Six-year-old Isabella knows she had a “boo boo” in her head when she was a baby.
But she does not know about the three surgeries and multiple rounds of chemotherapy she underwent at Miami Children’s Hospital to help treat her brain tumor.
“It’s just too much information for her to take right now,” said Isabella’s mother, Lisette Diaz, of Pembroke Pines.
On the eve of July 4, 2007, Isabella was diagnosed with choroid plexus carcinoma, a rare tumor that develops in young children’s brain ventricles. She was 6 months old.
“I thought she was going to die,” said Diaz, 43. “When they told me she would have to go through intensive care, I thought, ‘Oh my God, she is gone.’ ”
Isabella is one of about 2,500 children diagnosed with a brain tumor every year in the U.S. Brain tumors are the second most common tumors in children after leukemia, said Dr. Antonello Podda, assistant professor of pediatrics and director of the Pediatric Neuro-Oncology Program at Sylvester Comprehensive Cancer Center at the University of Miami Miller School of Medicine.
“Brain tumors in children are difficult because they impact the whole neurological well-being,” said Dr. Ziad Khatib, director of neuro-Oncology at Miami Children’s Hospital.
The good news? Within a month, doctors at UM will treat their first patients with a vaccine designed to boost the immune system and help fight stubborn brain cancers. Doctors will give the vaccine to children with chemo-resistant tumors and to adults and teenagers diagnosed with glioblastoma multiforme, the most common and deadliest of malignant brain tumors in adults. Initially, the vaccine will only be administered at UM, but if it proves successful, doctors hope to make it available throughout South Florida.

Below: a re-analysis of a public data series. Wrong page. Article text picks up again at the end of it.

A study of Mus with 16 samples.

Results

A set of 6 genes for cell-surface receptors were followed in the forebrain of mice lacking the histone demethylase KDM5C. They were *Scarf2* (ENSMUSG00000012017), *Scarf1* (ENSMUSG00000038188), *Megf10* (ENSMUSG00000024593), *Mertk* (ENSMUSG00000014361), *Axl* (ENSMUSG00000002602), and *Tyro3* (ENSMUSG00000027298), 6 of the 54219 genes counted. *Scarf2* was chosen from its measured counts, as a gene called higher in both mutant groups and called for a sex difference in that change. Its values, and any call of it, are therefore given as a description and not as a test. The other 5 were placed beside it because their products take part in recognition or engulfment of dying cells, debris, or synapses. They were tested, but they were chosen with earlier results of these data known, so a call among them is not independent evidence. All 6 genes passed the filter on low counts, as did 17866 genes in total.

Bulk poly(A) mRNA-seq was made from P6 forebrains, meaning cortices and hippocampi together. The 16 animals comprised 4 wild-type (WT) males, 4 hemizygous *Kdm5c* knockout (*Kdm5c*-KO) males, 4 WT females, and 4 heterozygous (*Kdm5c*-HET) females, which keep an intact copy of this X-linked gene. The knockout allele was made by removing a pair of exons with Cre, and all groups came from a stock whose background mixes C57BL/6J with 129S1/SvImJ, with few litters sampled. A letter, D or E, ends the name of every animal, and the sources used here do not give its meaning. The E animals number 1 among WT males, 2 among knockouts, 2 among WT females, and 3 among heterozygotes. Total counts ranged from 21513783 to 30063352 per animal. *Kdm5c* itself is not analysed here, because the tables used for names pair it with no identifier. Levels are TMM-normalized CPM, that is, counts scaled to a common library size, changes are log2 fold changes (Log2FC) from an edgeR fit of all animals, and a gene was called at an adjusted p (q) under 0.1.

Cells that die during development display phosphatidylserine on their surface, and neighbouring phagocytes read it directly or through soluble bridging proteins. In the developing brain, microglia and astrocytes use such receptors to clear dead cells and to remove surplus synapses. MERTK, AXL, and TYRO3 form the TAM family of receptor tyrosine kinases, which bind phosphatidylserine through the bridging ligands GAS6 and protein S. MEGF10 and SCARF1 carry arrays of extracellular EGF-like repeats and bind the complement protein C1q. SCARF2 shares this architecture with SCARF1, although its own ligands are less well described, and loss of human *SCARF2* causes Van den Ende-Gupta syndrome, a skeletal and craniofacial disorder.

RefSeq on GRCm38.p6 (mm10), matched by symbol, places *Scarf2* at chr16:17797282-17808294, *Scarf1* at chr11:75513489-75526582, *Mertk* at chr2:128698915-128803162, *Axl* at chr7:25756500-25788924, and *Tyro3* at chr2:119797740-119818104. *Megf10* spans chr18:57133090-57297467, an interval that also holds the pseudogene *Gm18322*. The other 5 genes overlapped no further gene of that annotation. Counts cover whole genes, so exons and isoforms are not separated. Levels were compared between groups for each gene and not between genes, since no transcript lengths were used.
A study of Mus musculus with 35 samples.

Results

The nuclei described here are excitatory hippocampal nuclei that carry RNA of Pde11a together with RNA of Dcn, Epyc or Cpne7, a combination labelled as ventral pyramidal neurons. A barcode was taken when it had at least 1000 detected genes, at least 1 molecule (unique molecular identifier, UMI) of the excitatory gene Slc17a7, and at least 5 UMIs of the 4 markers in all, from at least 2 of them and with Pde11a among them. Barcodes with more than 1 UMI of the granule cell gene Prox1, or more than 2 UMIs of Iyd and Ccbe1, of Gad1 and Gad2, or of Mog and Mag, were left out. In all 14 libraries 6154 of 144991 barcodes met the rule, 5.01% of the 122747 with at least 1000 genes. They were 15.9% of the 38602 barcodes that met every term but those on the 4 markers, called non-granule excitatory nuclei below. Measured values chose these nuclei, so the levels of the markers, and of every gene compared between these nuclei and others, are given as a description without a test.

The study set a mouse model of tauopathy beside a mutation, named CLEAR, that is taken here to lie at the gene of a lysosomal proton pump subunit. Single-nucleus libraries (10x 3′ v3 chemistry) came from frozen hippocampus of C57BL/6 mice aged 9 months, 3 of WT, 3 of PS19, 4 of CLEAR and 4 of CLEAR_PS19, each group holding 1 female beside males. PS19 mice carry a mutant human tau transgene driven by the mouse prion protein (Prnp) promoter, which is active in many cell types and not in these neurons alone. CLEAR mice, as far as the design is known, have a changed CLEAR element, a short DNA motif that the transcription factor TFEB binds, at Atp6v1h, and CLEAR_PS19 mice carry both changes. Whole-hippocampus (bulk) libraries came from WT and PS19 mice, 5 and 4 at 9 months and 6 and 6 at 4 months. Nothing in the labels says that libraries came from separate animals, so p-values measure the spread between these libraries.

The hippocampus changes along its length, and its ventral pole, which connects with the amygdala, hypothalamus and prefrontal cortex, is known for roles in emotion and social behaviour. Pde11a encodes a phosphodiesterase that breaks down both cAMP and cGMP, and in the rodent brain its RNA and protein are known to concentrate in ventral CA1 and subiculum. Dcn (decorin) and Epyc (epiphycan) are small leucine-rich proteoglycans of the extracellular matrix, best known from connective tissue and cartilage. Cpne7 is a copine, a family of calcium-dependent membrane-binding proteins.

At Joe DiMaggio Children’s Hospital in Hollywood, neurosurgeons use ultrasonic aspirators that remove tumors intertwined in the brain. The device vibrates the tumor at an ultrasonic frequency and then suctions it out.
Many South Florida hospitals also administer radiation that targets only the brain tumor and avoids healthy tissue. Proton beam radiation significantly minimizes the risk of neurological damage. Generally, doctors avoid using radiation on children younger than 3, Podda said.
“The rule is the later, the better,” he added.
That is why the soon-to-be-implemented dendritic cell vaccine is critical, doctors say. It not only avoids radiation for children, but may help those whose brain tumors who do not respond to chemotherapy. Based on science developed by Professor of Microbiology and Immunology Eli Gilboa, as well as on studies in Belgium of a similar vaccine administered to mice, this new treatment significantly boosts a patient’s immune system, said Dr. John Goldberg, assistant professor of clinical pediatrics at UM and director of Sylvester’s Pediatric Oncology Early Phase Clinical Trials Program.
In laboratories, dendritic cells, or immune cells drawn from the blood of a brain cancer patient, are taught how to fight cancerous cells and are returned to the patient through the vaccine.
“The problem with cancer is that it figures out a way to trick the immune system that it is OK to be there,” Goldberg said. “Cancer cells derive from normal cells so they look alike, and cancer cells figure out a way to hide from the immune system. One thing we are trying to do with this vaccine is to overcome those ways that cancer invades the immune system.”